Perkasa not the force it thinks it is, Umno leaders say

Nur Jazlan Mohamed

(MM) – Umno leaders shot down today’s Perkasa’s threat to usurp the party as the main champions of Malay rights, saying the group had “overestimated” its strength and influence among the country’s largest community.

Pulai Umno division chief Datuk Nur Jazlan Mohamed also dismissed Perkasa chief Datuk Ibrahim Ali’s claim that Umno has become “toothless” in its fight for the Malays, insisting that the Barisan Nasional (BN) lynchpin remains at the forefront in protecting the community’s interests.

“I think he’s overestimated the figures,” Nur Jazlan told The Malay Mail Online in a brief phone interview, referring to Ibrahim’s boast that Perkasa’s claimed 500,000 membership made it the biggest Malay non-governmental organisation in the country.

“At their events we can see that they don’t have the numbers. They don’t have the strength, they are the ones that are toothless,” the Pulai MP added. An estimated 500 people attended the group’s annual assembly yesterday.

Once seen to be a virtual extension of Umno but increasingly ignored since Election 2013, Perkasa yesterday warned the party that it risked being usurped by the group if it fails to uphold the Bumiputera agenda.

Speaking at its fourth annual general assembly here yesterday, Ibrahim suggested that Umno was growing weak and “toothless” in its fight to protect Malay interests.

The former Pasir Mas lawmaker also appeared to bare his fangs at Umno, saying that Perkasa was prepared to adopt an adversarial role in the 14th general election should the Malay lynchpin of Barisan Nasional (BN) fail to deliver on the Bumiputera Economic Empowerment Agenda.

Today, Housing and Urban Wellbeing Minister and Umno supreme council member Datuk Abdul Rahman Dahlan also played down Perkasa’s influence, and shot down Ibrahim’s accusation that Umno have strayed away from its role as the protector of the Malay race.

“We have never given up the struggle for the Malays. He can say what he wants about his organisation … Umno will always be bigger than everyone.

“It is bigger than Ibrahim, than Rahman Dahlan, than (party president and Prime Minister Datuk Seri) Najib Razak, than (Tan Sri) Muhyiddin Yassin,” Abdul Rahman told The Malay Mail Online.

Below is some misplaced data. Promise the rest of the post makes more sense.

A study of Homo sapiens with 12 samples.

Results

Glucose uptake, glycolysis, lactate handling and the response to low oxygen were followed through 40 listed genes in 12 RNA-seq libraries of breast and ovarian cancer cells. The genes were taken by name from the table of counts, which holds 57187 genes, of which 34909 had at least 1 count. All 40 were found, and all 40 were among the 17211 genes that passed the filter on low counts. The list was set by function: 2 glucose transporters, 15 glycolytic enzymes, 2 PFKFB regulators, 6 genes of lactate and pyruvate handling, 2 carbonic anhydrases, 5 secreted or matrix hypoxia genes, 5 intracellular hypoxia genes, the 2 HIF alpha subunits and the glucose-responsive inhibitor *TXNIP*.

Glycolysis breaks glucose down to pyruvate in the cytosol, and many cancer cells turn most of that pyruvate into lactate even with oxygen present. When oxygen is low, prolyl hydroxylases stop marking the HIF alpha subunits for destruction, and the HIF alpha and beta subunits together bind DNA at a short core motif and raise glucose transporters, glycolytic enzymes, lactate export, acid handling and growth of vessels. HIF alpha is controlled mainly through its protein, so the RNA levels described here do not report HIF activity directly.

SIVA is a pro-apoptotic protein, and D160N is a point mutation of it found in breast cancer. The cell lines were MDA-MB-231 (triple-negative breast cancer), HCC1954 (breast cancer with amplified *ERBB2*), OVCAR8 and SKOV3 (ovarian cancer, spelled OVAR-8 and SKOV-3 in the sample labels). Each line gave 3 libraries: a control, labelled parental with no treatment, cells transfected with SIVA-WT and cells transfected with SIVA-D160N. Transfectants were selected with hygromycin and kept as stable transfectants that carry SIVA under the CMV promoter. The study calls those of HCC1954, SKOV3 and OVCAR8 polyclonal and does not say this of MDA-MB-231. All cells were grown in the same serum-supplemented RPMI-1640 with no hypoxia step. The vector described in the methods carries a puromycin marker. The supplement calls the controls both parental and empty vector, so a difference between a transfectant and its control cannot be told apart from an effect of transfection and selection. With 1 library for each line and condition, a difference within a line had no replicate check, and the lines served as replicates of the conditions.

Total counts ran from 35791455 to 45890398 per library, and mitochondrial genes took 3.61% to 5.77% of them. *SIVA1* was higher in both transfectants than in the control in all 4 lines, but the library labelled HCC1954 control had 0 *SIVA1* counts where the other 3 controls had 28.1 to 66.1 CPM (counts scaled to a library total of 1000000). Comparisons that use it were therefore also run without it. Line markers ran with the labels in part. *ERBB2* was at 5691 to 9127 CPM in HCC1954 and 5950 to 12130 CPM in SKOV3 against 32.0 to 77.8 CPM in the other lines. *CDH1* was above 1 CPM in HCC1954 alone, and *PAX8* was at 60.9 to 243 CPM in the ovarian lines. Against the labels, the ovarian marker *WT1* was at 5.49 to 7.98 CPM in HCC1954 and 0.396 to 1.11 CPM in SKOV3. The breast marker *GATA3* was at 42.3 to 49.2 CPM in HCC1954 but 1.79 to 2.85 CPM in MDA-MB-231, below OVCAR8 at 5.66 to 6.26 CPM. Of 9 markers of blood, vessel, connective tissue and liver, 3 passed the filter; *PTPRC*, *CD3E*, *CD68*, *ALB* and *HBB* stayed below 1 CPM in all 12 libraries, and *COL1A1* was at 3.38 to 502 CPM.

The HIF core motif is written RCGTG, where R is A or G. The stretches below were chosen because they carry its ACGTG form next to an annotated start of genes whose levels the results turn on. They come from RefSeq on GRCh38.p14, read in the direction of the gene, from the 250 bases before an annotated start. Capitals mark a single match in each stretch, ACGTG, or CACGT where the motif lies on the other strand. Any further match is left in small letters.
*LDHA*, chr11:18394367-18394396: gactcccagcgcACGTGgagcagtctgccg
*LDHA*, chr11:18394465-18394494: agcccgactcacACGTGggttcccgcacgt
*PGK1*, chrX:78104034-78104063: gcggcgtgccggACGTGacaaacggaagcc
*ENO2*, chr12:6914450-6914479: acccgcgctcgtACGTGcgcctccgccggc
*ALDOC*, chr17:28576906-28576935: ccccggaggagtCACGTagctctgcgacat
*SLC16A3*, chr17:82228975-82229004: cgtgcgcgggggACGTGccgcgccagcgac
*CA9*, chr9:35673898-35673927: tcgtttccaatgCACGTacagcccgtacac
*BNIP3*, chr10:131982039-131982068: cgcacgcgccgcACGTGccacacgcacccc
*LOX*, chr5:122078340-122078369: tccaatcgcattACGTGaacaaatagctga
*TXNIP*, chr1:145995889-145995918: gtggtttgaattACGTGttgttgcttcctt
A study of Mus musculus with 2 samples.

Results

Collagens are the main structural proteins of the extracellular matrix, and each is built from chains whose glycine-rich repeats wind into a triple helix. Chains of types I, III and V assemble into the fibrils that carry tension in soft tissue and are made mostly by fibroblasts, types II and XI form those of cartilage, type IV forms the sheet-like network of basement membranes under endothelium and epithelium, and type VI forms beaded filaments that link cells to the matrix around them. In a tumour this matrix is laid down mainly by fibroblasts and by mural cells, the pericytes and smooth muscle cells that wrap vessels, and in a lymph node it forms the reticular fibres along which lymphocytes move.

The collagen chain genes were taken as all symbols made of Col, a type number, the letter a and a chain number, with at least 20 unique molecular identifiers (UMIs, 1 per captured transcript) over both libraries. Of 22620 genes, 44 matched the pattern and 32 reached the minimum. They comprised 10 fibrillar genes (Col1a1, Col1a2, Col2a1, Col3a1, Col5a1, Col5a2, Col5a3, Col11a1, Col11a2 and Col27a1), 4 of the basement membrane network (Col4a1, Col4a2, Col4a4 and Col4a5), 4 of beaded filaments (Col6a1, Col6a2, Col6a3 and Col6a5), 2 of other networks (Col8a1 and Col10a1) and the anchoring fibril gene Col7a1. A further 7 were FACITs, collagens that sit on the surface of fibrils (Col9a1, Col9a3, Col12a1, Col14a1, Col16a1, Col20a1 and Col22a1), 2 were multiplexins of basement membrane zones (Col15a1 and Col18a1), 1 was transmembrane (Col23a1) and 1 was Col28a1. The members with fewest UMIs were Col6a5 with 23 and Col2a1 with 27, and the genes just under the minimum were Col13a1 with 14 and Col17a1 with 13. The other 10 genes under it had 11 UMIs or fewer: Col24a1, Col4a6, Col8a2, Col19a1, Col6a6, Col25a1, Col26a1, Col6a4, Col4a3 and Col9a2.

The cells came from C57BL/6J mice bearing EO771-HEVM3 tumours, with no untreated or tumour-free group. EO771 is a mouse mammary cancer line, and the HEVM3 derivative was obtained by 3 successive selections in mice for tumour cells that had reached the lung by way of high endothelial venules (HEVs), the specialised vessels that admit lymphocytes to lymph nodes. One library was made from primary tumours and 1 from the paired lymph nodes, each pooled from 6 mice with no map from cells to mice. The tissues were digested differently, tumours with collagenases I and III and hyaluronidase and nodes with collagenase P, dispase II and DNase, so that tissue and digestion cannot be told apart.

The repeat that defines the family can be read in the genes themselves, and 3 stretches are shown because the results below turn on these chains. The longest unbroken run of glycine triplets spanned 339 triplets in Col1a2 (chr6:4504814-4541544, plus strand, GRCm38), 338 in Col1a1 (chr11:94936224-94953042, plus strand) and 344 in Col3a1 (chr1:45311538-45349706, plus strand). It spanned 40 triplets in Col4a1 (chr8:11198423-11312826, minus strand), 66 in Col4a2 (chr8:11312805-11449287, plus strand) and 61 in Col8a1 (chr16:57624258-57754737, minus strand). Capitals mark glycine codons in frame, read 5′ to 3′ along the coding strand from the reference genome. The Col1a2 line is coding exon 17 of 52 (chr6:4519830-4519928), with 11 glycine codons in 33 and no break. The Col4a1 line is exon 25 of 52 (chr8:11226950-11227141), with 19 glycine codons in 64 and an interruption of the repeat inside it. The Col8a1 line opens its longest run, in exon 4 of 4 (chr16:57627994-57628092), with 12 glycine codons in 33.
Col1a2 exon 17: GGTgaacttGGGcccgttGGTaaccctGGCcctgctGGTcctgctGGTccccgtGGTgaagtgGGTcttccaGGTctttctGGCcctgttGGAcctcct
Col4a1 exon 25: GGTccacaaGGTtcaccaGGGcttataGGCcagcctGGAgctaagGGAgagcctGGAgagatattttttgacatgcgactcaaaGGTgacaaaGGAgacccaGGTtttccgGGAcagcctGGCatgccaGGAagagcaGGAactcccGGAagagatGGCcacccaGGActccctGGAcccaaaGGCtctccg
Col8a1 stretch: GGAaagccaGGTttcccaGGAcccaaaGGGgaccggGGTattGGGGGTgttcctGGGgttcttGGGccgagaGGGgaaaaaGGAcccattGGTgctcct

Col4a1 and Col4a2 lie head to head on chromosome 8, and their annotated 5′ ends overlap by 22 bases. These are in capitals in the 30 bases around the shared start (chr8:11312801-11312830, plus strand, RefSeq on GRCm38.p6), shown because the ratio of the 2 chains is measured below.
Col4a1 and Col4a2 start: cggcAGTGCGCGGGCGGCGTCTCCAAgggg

He also ridiculed Ibrahim’s claims that it was the group’s influence that led to Umno’s increased presence in Parliament.

“So what are the rest (of Umno members) doing? Sleeping?” The Kota Belud said.

Yesterday, Ibrahim claimed Perkasa’s clout had contributed to Umno and BN’s victory in the 13th general election, despite his defeat in Pasir Mas to PAS’s Nik Abduh Nik Abdul Aziz.

“He (Ibrahim) lost. (Datuk) Zulkifli Noordin also lost. So what does that say about them?”

Zulkifli was the only Perkasa candidate that stood in the May 5 general election aside from Ibrahim. He contested for the Malay-majority Shah Alam federal seat and lost by a landslide to PAS’s Khalid Samad.

Nur Jazlan said the defeats also reflected a changing political landscape where urbanisation has sparked political awareness among the Malays.

The new generation of Malays, he added, are now more sophisticated and did not buy into the hardline politics promoted by Perkasa.

“Malays have become more urbanised, their thinking no longer fit Perkasa’s agenda”.

The Pulai MP added Umno was adapting to this new environment, which some misinterpret to be a move away from the Malay and Bumiputerea agenda.

“We have to ask ourselves what are we fighting for. Are we fighting for the Malays in a progressive Malaysia or just for the Malays exclusively”.

Abdul Rahman said although Umno is opened to co-operation with any NGOs including Perkasa, the party would not tolerate any “rude threats” and “crude demands”.

“We will work with anyone for the benefits of the Malays but you cannot make threats, that is not the way to co-operate,” he said.

Perkasa began life in 2008 as a one-man pressure group on Malay rights but later grew in numbers and influence after its cause found traction with a largely-Umno audience. The ubiquity of Umno members among its ranks also led to the perception that the group was an indirect outlet for the more conservative elements of the party.